5-star reads,  F/M,  Romance

Wild Like Us (Like Us #8) by Krista Ritchie and Becca Ritchie

A 4.5 star read!

Obviously, since this is book no. 8 in a series and I’m still here for it, I’m a dedicated fan.

However, I have reservations. So, so, so many reservations.

But first, the good things.

Apart from high-quality everything (writing, story-telling, world-building, characters and yada yada), what I most adore about the series and this book, is the way fame is depicted. It’s not glitz and glamour, private jets and extravagant living which is pretty much standard in every other “millionaire story”. Although – obviously – the famous ones are financially independent. No, instead it’s all the negative aspects of fame. The lack of privacy. The media and paparazzi. The inability to go out in public without being faced with strangers who act like jerks, thinking they have the right to Sully in this case. A right to say whatever to her as if she weren’t a person. That because she’s famous, basic human decency is forgotten and they have the right to heckle and assault.

It’s bloody brilliant.

Synopsis: Sullivan Meadows – Sully – has two hot as heck bodyguards. Akara Kitsuwon and Banks Moretti who happens to be very good friends. Maybe even best friends. Both of them also happens to be into Sully. And she’s into them. So what ever should they do?

But, now to the main two sources of my conflicted feelings about Wild Like Us.

First, the issue of Sully’s virginity. The entire book is totally obsessed about the fact that she hasn’t yet had penetrative sex. With a person that is. It’s something she talks about, not only with her bodyguards – before they’ve started dating – but her family as well. Even her parents. I mean, FFS, she’s an adult. That topic of conversation shouldn’t ever come up. And the way they’re talking about it. She’s talking about someone “taking her virginity” this and “taking her virginity” that. It’s like it’s the 17th century or something. I found it embarrassingly antiquated and sexist to be honest.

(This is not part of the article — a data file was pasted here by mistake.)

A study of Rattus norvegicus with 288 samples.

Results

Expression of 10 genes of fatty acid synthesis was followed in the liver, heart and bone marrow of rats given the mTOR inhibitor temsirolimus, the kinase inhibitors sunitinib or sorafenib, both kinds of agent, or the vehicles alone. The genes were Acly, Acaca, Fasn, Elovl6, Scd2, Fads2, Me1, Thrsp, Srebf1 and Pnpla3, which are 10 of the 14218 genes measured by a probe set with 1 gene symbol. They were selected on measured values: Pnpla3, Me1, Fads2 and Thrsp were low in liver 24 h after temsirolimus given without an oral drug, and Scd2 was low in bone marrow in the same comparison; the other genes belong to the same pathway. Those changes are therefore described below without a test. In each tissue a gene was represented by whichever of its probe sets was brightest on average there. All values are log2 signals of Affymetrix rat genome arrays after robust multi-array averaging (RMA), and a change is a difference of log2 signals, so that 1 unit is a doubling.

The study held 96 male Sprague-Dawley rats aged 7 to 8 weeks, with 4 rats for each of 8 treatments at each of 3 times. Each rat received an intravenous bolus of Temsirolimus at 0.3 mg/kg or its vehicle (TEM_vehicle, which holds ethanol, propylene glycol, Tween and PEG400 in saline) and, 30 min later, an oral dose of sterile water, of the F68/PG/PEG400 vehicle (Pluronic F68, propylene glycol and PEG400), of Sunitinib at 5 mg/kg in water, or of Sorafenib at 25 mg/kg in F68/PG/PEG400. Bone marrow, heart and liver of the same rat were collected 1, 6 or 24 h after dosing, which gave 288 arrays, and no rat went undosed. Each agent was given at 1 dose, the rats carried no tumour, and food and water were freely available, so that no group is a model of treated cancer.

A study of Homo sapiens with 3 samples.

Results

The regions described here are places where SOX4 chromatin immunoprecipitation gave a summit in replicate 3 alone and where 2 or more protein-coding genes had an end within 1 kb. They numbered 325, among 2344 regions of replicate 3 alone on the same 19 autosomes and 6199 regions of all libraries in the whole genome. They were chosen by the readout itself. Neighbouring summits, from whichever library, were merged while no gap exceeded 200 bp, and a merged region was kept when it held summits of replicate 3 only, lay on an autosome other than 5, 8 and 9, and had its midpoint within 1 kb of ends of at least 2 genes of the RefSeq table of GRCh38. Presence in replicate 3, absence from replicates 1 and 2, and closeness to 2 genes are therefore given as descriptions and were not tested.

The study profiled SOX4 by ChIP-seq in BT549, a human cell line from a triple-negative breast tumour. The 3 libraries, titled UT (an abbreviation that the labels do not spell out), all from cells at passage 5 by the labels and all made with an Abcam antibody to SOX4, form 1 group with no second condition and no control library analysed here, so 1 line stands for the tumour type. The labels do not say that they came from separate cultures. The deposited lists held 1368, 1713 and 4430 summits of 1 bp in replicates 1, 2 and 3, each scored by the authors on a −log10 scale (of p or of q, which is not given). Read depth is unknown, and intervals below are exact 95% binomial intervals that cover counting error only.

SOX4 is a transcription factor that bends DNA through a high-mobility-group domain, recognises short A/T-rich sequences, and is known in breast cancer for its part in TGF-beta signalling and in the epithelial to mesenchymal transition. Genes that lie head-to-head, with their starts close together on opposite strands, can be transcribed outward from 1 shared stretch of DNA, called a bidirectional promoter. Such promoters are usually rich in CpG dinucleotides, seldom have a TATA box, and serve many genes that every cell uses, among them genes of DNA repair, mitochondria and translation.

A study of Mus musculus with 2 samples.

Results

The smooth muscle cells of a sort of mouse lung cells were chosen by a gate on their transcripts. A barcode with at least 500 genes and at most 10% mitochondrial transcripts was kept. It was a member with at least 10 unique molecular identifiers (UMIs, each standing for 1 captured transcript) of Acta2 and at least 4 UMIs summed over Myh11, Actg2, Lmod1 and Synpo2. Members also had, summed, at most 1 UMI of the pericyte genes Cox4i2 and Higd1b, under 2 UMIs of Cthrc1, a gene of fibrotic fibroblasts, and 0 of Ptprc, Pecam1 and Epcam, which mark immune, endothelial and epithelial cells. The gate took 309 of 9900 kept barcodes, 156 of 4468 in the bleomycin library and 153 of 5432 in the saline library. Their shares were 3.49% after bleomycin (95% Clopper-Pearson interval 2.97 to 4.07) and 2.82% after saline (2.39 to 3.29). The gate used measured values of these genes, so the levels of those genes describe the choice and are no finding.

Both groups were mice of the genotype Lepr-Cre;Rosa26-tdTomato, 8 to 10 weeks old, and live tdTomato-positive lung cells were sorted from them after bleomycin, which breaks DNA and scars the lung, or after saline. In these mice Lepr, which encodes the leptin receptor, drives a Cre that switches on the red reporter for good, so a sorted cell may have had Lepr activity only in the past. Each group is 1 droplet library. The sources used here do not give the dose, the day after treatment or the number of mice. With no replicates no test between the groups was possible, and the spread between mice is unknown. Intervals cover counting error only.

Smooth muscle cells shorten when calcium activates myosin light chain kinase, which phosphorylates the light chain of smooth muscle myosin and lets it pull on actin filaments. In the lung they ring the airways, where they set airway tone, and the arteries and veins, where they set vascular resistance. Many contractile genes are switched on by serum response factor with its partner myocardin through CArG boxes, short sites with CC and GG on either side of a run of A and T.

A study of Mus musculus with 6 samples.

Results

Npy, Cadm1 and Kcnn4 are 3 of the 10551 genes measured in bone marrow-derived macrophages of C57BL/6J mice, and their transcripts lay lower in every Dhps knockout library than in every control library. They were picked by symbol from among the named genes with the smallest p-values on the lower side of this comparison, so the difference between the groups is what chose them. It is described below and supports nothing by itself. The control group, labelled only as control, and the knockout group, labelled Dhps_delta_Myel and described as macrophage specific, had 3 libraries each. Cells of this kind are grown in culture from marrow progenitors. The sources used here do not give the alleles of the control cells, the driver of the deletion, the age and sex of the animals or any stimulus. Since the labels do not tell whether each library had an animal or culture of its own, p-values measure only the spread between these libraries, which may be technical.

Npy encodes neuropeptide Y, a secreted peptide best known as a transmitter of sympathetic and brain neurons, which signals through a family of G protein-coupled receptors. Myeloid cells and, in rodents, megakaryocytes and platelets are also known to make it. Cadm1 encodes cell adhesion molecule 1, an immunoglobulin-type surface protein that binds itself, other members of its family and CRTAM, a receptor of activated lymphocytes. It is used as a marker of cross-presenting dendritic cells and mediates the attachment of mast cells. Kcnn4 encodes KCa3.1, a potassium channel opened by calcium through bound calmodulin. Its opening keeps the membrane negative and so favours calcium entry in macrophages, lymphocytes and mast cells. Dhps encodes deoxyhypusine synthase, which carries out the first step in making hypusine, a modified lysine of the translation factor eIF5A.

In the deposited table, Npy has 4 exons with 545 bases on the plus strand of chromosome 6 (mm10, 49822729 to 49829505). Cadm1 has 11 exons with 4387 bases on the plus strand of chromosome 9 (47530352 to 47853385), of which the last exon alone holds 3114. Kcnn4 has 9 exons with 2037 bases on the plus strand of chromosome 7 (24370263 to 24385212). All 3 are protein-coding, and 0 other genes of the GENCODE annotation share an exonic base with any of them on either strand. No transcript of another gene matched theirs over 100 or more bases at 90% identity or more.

And then, even though it’s revealed early on that she had used dildos in the past, she still bleeds when they finally get it on. I mean, come on! It just pissed me off even more. Because of course she has a bloody (literally) virginity seal that only a real, live dick can penetrate. So antiquated indeed.

Then, the budding relationship between Sully and both Akara and Banks. It’s just so unbalanced. Everything is about Sully. All three of them have their own POVs, but the focus is still entirely on her, and she seems okay with that. Like Akara and Banks are there to serve her, even in the situations that are clearly private and separate from their duties as bodyguards. Sure, those lines are blurry considering they’re her 24-7 security. But still. It makes Sully appear extremely selfish.

Also, since Banks and Akara aren’t interested in each other romantically, the imbalance gets even more pronounced. Because there’s no way around the fact that both of them would have preferred having Sully for themselves if only they could do so without hurting the other. So they compromise in order to have her. Only Sully gets everything. It’s disconcerting in its inequality.

Meaning, in my opinion, the story would have been waaay better if all three of them were actually involved with the other two in a romantic capacity.

When I’m re-reading what I’ve just wrote it’s kind of difficult to understand why I even liked this book. Because I did. I was completely swept away, and I’ve already started on the sequel Fearless Like Us. Guess I’m just complex like that. 😉

Because despite everything, I can only say: Highly recommend!